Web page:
Note: this post is part of a series about the foundations for Code Inspector, you can find the previous article here.

This is the last post in the series about Code Inspector. The first post focused on why humans are fallible by design and sub-optimal at executing small and repetitive tasks. The second post focused on the exponential progress of automation: tasks performed by machines are getting more complex every day and soon, most of our jobs are going to be automated.

In the next paragraphs, I explain the main drivers for starting Code Inspector.

The software maintenance problem

There is a real struggle to develop software, especially because it is really hard to find and understand the design and implementation choices made by the initial authors. Software is often poorly documented, which makes it very complicated to troubleshoot an issue or maintain an old codebase.

The average tenure for software developers is between 2 to 3 years. But the software is operated and maintained for decades. As developers leave a company their knowledge of a project leaves the company. In some industries, the developers that maintains a software were not even born when the initial system was designed.. (Think twice about this!)

Some developers have no idea how the system they operate actually works. It can take days or weeks to troubleshoot an issue because the system is way too complex and the documentation, non-existent. And it is not common that issues go unnoticed for months because developers do not understand the impact of their scope.

There is an obvious need for a product that helps developers understand a code base and establish a plan to improve it. This product needs to be user-friendly, non-intimidating and to give clear actionable paths to improve their codebase.

The software modernization problem

Software is like our physical infrastructure: it’s aging and improving legacy software is a major undertaking. Reports estimates that bad code and technical debt takes up to 30% of developer time (see Stripe study, other sources estimate it’s more like 20%). The same study from Stripe reports that bad code costs companies $85B annually. Even if you cut the estimate in half, it’s still a number that makes you wonder if we should continue to write code as we do today.

There are two solutions to address the modernization problem:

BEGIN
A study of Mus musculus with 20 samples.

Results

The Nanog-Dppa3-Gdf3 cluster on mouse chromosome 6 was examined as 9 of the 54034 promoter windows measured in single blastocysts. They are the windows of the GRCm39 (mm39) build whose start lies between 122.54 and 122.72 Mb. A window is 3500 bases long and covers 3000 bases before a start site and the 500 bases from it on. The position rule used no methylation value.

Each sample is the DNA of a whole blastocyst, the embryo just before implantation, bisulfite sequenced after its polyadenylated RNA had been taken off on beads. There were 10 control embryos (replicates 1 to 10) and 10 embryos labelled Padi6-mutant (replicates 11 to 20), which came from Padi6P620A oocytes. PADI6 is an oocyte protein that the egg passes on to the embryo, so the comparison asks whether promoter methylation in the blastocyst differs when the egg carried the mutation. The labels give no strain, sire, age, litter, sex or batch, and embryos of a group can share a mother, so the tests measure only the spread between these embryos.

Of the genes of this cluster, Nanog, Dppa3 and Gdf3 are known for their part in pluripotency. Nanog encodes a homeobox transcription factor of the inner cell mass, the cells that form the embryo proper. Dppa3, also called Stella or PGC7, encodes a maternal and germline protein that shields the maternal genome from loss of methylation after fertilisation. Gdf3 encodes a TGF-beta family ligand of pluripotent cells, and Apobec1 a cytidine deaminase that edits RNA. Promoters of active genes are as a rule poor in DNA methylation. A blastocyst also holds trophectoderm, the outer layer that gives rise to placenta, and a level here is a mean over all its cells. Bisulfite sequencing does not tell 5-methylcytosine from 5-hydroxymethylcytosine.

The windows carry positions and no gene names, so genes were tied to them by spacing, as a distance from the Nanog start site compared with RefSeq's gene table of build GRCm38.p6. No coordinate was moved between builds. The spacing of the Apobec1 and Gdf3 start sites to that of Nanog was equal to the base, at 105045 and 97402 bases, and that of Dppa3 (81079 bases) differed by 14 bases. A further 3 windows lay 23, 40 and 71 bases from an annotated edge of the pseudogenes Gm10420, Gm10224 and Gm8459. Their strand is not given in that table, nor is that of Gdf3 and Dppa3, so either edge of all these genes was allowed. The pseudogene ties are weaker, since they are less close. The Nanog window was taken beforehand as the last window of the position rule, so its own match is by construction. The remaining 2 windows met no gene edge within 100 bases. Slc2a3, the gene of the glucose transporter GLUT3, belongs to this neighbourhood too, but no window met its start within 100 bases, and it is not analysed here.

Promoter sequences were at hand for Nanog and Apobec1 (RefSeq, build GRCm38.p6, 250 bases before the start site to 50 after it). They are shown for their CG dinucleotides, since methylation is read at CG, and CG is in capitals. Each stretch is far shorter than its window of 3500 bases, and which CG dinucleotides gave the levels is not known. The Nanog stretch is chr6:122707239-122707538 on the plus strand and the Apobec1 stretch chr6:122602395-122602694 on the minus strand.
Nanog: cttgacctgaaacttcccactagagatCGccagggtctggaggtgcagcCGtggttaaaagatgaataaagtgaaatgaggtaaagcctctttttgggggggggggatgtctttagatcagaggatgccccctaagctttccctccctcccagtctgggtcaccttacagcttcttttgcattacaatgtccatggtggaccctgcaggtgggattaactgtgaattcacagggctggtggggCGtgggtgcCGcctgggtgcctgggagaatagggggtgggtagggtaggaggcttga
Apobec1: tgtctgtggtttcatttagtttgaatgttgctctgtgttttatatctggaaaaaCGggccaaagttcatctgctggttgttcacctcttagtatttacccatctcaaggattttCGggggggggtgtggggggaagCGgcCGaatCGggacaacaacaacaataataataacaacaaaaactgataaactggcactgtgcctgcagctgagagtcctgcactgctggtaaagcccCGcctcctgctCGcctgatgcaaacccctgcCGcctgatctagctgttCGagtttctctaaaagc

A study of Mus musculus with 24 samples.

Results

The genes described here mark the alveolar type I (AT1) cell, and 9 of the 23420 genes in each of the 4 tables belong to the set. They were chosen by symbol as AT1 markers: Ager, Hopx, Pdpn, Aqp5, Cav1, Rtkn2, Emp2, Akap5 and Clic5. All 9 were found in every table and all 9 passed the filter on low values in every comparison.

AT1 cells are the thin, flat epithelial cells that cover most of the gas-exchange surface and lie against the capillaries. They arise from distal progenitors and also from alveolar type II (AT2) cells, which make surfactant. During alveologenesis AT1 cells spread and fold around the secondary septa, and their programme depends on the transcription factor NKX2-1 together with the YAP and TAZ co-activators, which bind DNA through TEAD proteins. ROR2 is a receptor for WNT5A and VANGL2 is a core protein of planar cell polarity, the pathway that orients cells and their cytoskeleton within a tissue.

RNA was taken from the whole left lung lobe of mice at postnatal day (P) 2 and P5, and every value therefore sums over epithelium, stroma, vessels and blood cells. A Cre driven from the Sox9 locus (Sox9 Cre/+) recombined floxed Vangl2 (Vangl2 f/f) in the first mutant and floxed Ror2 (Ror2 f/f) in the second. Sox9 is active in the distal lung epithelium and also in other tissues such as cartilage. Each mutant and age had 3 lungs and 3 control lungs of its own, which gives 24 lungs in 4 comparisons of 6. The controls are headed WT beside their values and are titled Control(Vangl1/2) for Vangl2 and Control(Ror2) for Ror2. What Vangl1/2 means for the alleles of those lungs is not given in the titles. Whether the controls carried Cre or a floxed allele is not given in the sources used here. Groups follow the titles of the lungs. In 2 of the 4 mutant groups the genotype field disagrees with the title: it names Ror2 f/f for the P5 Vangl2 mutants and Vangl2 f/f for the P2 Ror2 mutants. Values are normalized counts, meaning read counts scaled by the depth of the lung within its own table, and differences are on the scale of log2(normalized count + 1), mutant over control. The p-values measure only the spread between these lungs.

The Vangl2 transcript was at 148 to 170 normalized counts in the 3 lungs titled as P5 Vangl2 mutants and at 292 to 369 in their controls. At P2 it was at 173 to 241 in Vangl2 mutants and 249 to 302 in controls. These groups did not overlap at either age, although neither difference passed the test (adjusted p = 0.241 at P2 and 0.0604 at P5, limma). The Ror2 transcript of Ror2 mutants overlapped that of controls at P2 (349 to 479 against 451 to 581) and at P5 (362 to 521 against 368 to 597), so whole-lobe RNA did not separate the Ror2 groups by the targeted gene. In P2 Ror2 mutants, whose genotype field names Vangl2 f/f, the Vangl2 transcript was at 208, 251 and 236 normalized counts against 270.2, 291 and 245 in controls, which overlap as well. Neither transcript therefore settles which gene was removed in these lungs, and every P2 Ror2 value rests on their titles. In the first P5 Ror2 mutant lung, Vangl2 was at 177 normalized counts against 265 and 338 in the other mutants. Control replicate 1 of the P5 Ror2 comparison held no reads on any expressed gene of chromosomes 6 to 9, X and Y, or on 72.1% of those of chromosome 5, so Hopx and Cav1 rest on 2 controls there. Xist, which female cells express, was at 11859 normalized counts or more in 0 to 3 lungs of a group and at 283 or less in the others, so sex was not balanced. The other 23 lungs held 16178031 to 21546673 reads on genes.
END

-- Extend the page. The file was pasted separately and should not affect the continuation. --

1. Hire more engineers, which increases costs exponentially and increases productivity linearly (at best).
  2. Automate software development.

Until very recently, only the first solution was possible. The recent progress on software analysis and machine learning allows to automate software development. This is a natural evolution: after all, today, Google translate writes better English than I do and a Tesla drives better than I do (on a highway for now). Why couldn’t a computer program better than I do?

At first, only a few aspects will be automated. As the technology develops, the scope of automation will grow and the human factor in software development will shrink.

The training problem

The change from manual to automated software development is not going to happen overnight. Demand for software engineers will still be strong for the next ten to twenty years and the two problems mentioned before (maintenance + modernization) will require mode engineers over time.

The department of labor already predicts that demand for software engineers will grow by 20% in the next ten years. The traditional education system cannot absorb this increase. The job market for software engineers will be heavy on the demand (a lot of job openings) and limited on the offer (not enough engineers).

This means that many engineers will be under-trained and there will be a need for additional training. A code automation platform can help engineers to become better by providing guidance. Such a platform will not only guide them in their work but also help them become better software engineers by explaining why some modifications are recommended.

The mission

The mission of Code Inspector is clear: help developers produce better software.

There are three main aspects to achieve this:

  1. Identification: detect issues in a codebase, surface them in a user-friendly interface and help developers prioritize software maintenance.
  2. Automation: automate resolution of bugs and maintenance issues. Let the machine fix issues for you: it will do it better than the majority of humans.
  3. Training: incentivize developers to maintain a codebase, fix issues and guide them through code changes (e.g. explain why they are done).

The financial impact is clear as well: with an average salary of $108,000 per year, a product that makes engineers 1% more productive would already unlock a value of $1,000 per engineer per year. And if such a product could even cut the time spent in technical debt by 50%, it will then save $10,000 per developer per year.

This is a huge, underestimated problem and this is why I left everything to focus on this project. The coming year is going to be very exciting and I can’t wait for it to start.